In 1945, USSR installed puppet government in Hungary; designed to remove opposition and enforce loyalty. As a result many protest groups emerged striving for democracy.
Krushchev
In February 1956, Krushchev criticised parts of Stalin's rule and began a policy of 'destalinisation' a policy that would move away from Stalin's corrupt and aggressive ideals. Hungary saw this as an opportunity to move away from their Communist foundations and begin a more liberal movement.
Imry Nagy
In 1956 the Communist dictatorship was overthrown and a new, more liberal leader was introduced; Imry Nagy. He made obvious signs of moving away from the previous Communist government by re-introducing things such as free criticism of the government and disbanding the AVH. Kruschev did not want to lose countries such as Hungary from the Sovet Sphere of influence and saw this new leader as a threat to the Soviet Empire.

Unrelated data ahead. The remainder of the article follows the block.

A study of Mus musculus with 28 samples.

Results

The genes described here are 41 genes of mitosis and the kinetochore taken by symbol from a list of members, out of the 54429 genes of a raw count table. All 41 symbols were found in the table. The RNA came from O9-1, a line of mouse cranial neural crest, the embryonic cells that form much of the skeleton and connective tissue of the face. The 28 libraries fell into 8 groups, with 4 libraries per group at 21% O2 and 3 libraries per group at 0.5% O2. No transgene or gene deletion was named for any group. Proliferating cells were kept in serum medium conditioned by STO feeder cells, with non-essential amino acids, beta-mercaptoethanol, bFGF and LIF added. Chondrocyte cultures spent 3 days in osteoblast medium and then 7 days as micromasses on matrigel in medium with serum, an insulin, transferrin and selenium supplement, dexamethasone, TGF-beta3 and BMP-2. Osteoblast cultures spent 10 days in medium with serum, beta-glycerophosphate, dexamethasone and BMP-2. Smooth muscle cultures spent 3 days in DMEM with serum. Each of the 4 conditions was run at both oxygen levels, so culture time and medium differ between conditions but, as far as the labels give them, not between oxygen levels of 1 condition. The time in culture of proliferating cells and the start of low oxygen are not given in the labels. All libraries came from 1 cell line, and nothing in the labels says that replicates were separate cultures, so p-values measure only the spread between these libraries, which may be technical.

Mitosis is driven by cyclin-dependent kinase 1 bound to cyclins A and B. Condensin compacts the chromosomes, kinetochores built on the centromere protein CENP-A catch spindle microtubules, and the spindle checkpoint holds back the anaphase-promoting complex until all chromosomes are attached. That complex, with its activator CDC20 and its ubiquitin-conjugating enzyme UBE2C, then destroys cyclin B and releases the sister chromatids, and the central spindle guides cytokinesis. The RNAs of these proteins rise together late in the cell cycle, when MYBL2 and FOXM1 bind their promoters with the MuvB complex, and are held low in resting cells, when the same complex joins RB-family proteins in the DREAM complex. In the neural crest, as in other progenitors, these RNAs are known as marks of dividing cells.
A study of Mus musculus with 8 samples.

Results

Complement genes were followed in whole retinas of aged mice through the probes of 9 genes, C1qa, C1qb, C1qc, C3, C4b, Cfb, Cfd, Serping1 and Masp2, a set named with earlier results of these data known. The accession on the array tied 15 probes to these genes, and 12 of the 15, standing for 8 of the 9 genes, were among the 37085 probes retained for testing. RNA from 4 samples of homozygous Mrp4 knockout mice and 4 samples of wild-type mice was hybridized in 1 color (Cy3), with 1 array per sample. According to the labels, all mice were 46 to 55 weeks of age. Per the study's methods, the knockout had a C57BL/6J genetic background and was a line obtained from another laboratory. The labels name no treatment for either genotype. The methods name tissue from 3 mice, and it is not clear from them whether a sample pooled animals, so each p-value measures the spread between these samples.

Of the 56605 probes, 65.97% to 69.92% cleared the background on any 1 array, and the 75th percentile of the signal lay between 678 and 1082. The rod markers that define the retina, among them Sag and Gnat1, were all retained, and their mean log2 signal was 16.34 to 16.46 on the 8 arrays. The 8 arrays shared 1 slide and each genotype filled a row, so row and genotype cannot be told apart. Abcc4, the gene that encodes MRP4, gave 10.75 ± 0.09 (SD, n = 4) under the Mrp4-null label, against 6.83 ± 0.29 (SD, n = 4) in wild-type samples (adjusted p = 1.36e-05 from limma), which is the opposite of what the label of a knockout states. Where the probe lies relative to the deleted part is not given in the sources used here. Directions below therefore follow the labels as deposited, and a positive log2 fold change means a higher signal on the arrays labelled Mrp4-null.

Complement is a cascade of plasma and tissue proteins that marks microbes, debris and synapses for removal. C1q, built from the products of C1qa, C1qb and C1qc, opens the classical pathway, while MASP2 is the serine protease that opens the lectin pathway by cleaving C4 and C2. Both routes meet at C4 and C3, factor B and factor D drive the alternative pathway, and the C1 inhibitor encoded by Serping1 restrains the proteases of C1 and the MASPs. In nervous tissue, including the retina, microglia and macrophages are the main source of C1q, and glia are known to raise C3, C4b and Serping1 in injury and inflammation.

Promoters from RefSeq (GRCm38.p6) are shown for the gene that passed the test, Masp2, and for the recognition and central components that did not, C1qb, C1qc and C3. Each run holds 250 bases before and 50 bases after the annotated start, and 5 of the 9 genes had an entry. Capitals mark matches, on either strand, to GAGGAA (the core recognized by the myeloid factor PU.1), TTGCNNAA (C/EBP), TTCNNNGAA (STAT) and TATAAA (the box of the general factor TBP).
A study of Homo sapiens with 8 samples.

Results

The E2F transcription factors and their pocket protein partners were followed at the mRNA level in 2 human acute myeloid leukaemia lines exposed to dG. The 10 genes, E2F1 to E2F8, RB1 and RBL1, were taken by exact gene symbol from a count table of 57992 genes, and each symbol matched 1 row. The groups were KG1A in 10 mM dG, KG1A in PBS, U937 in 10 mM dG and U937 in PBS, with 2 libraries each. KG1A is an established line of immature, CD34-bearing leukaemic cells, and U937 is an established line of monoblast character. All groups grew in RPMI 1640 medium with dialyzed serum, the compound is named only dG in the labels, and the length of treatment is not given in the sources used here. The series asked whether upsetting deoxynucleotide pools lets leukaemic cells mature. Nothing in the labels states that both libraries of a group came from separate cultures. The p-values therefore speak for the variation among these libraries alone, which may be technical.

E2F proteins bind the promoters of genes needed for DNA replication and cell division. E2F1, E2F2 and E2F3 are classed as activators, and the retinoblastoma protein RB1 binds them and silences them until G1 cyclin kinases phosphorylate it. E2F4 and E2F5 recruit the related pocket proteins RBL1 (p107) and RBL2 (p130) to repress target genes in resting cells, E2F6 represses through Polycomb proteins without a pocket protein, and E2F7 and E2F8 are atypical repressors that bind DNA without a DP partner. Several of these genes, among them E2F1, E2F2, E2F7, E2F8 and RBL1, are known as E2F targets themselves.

Soviet Invasion
On the 4th November 1956, Krushchev orders Red Army to take control. Tanks and soldiers enter the capital of Budapest and were met with opposition in the streets. Eventually the Communist leadership was restored.
The Plea for Help
The opposition leaders were all captured and executed along with Imry Nagry. There were several desperate pleas over the radio for US assisstance but there was no US intervention.
Consequences
Around 30,000 Hungarians died during the invasion. The invasion put out a message to any other satellite states that revolution was not an option and the fact that the US did not get involved would of pleased the USSR.